Firestorm at Firefox: Mozilla’s Intolerance Compels Highly Respected CEO to Step Down


Eich’s unforgiveable sin?  A $1,000 donation in 2008 in support of California’s Proposition 8, the state constitutional amendment which defined marriage as the union of one man and one woman and passed with the support of more than 7 million Californians – a 53% majority.  

This, despite the fact that Eich made all the requisite apologies, gyrations and genuflections before the High Altar of Political Correctness.  

And this, despite the fact that corporate leaders routinely donate incomparably larger sums to political efforts in opposition to natural marriage, including: Amazon CEO Jeff Bezos, who gave $2.5 million in 2012; Quark founder Tim Gill, who gave $10 million in 2006; Yahoo investor Daniel Loeb, who gave $1.5 million; Microsoft’s Bill Gates and Steve Balmer, who gave $500,000 and $100,000 respectively; and Google’s Larry Page and Sergey Brin, who donated $100,000 and $40,000 respectively in opposition to Proposition 8.


Said Sullivan in his blog post, “The Hounding of a Heretic”:

“The guy who had the gall to express his First Amendment rights and favor Prop 8 in California by donating $1,000 has just been scalped by some gay activists… Will he now be forced to walk through the streets in shame? Why not the stocks? The whole episode disgusts me – as it should disgust anyone interested in a tolerant and diverse society.”

And Bruce tweeted:

“Hi @mozilla, I'm a gay woman who is appalled that you caved to the Gay Gestapo. So who else will be pressured to leave for not conforming?”

Apparently, it’s no longer possible to make atonement and appease the gods of GLBT activism. And it would appear that a new litmus test has been instituted for employment given that Eich is eminently qualified to be CEO of Mozilla. He wrote JavaScript, co-founded Mozilla and was asked to assume the role after an exhaustive search process.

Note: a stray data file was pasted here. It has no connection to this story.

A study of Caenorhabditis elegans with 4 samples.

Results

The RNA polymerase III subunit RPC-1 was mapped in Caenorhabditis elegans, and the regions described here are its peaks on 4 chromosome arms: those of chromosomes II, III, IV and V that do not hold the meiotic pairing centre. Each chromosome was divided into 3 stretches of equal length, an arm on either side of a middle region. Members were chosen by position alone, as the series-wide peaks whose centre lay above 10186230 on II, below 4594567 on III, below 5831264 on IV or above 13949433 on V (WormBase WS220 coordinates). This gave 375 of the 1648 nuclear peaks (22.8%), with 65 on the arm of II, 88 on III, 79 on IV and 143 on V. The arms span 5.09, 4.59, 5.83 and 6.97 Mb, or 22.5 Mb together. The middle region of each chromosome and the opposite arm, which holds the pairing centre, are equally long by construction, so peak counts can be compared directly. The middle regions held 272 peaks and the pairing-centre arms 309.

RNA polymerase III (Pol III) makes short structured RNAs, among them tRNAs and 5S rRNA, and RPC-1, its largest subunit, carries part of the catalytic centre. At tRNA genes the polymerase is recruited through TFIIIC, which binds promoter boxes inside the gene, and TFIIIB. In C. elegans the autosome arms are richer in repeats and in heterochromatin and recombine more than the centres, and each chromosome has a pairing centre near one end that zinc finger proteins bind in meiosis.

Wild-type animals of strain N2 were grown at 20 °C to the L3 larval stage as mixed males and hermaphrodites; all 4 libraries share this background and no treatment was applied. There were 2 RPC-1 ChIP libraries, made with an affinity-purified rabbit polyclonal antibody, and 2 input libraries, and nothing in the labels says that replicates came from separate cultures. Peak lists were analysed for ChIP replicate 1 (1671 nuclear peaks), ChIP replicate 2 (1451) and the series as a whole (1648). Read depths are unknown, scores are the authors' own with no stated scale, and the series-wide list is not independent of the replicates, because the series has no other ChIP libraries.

Those who hold to a biblically orthodox view on marriage these days – and want to keep their job in certain fields – should take note of this week’s sad and sobering events.  

And what about Christian workers at Mozilla? Despite the company’s commitment to inclusiveness and diversity, do Christians also feel equally welcomed and respected in their workplace like GLBT employees?  Or, will Mozilla’s Christian workers face discrimination because of their personal convictions?

From a biblical perspective, sexual identity is a moral issue, not the inalienable civil rights issue it has been framed as in today’s cultural debate.  And in our American context, it’s also a First Amendment matter of freedom of religion and expression. Holding to a politically correct view on gay marriage should not be a litmus test for holding a job one is highly qualified for.

Brendan Eich was discriminated against simply because – in his personal life – he supported natural marriage six years ago. Who will be next?

Faith Driven Consumer continues to advocate for tolerance in the workplace, because our community of 46 million Americans has the right to be treated equally as members of our nation’s rich rainbow of diversity.